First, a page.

How do partners divide profits – and losses – on their investments?
The Mishna on our deals with that question in the context of a similar question about wives with different size ketubot – e.g. one of them is owed 100 maneh, one 200 maneh and one 300 maneh. According to the Mishna, if the estate has only 100 maneh available for payment, all of the women share equally. If there are 200 maneh available, the two women with larger ketubot receive 75 maneh each, and the woman with the smallest ketuba receives 50 maneh. If there are 300 maneh available, the woman with the largest ketuba receives 150 maneh, the woman with the middle-sized ketuba receives 100 maneh, and the woman with the smallest ketuba receives 50.
The Mishna goes on to say that in partnerships, this same rule would apply.
Although the Gemara limits this rule to very specific cases, Rav Sa’adia Ga’on argues that there is a straightforward explanation for the Mishna’s division of the monies that are owed. He explains that the money in the estate that is available for payment up to the value of each ketuba must be divided equally between the women, while money that is available over and above each woman’s ketuba is divided up based on the percentage that each woman has owed to her.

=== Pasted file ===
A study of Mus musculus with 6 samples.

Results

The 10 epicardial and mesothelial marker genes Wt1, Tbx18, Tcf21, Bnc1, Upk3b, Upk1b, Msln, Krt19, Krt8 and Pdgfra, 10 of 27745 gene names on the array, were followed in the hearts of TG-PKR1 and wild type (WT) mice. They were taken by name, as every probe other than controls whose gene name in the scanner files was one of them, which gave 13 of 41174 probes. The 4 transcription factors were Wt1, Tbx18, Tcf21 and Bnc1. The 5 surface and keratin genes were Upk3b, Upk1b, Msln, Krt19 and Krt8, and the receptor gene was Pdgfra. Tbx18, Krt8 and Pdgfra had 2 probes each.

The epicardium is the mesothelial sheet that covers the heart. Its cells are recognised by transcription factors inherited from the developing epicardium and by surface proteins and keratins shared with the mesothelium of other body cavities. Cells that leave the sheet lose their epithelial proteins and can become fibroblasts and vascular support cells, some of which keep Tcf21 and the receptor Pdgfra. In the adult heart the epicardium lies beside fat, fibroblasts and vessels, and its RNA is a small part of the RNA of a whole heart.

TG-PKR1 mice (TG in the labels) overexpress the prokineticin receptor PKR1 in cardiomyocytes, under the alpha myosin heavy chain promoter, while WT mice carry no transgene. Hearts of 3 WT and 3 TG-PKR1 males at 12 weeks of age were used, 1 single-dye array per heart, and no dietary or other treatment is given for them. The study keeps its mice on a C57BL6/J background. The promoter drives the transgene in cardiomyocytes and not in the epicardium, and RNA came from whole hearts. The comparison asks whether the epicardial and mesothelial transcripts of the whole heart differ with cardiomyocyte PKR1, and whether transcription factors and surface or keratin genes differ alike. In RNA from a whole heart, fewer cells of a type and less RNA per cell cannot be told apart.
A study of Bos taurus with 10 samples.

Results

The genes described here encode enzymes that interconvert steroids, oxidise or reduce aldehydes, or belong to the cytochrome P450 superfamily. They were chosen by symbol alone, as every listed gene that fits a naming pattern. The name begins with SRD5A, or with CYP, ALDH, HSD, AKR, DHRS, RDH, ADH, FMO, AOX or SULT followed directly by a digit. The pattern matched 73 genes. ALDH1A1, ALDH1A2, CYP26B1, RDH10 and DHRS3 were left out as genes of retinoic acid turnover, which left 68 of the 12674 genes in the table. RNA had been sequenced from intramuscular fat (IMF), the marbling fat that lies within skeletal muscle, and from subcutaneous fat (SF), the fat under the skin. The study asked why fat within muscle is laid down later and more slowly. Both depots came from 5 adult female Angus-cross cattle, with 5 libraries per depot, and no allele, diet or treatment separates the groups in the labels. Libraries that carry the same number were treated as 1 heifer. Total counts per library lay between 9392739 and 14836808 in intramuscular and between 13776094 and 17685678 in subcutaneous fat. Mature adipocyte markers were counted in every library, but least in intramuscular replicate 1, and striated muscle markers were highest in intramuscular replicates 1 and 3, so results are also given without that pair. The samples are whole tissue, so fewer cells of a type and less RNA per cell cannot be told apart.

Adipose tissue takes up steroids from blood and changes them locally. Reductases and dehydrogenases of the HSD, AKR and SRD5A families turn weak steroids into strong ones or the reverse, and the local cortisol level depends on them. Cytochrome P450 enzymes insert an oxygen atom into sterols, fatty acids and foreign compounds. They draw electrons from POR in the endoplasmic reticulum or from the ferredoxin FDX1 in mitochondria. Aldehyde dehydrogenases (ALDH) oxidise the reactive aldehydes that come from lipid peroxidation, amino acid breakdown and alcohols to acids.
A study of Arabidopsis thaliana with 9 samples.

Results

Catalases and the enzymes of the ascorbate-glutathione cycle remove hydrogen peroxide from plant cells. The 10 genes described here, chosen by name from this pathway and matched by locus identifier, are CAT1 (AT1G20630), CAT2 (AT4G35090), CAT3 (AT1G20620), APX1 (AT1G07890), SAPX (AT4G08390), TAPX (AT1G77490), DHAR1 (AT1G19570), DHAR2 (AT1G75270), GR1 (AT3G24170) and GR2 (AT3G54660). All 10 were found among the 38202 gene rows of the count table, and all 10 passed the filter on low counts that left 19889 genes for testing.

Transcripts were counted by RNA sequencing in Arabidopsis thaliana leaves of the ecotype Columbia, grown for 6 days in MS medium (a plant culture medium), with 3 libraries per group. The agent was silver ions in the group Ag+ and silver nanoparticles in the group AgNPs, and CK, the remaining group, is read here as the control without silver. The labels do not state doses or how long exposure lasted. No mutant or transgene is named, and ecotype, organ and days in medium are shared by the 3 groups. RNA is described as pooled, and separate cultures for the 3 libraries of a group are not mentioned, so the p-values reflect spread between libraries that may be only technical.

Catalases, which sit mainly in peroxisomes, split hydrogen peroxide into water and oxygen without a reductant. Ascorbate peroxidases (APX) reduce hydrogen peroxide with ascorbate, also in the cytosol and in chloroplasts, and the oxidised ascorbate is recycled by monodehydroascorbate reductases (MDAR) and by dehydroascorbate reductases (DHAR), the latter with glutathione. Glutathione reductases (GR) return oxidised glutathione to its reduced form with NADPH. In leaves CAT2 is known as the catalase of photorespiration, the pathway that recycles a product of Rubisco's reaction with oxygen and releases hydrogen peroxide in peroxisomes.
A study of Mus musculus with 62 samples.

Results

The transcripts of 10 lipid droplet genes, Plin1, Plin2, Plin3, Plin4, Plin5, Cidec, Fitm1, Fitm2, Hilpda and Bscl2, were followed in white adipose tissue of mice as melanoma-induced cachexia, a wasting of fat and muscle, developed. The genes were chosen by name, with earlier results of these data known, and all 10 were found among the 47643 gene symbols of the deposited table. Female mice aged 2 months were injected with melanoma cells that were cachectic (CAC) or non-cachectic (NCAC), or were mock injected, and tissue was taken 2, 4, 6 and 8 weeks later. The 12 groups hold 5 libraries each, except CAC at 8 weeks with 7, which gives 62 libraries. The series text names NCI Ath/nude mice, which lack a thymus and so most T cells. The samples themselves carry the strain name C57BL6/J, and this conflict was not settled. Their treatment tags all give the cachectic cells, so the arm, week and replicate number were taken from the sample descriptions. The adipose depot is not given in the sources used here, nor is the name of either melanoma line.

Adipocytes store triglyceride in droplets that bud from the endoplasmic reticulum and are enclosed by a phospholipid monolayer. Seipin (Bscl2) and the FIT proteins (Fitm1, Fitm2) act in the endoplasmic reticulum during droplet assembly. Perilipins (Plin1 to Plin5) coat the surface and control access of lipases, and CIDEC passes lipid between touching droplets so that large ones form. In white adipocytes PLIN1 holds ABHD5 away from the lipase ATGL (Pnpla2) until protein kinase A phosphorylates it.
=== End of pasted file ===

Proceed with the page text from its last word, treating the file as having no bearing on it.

- If there is only 100 maneh, which is the value of the smallest ketuba, all the women share equally.
- If there are 200 maneh, the woman with the smallest ketuba receives one-third of the first hundred plus one-sixth of the second hundred (=50 maneh), while the other two women share equally in the remainder.
- If there are 300 maneh – the size of the largest ketuba – then the women will all receive their shares according to the percentages that are coming to them; each receives half of what is owed to her.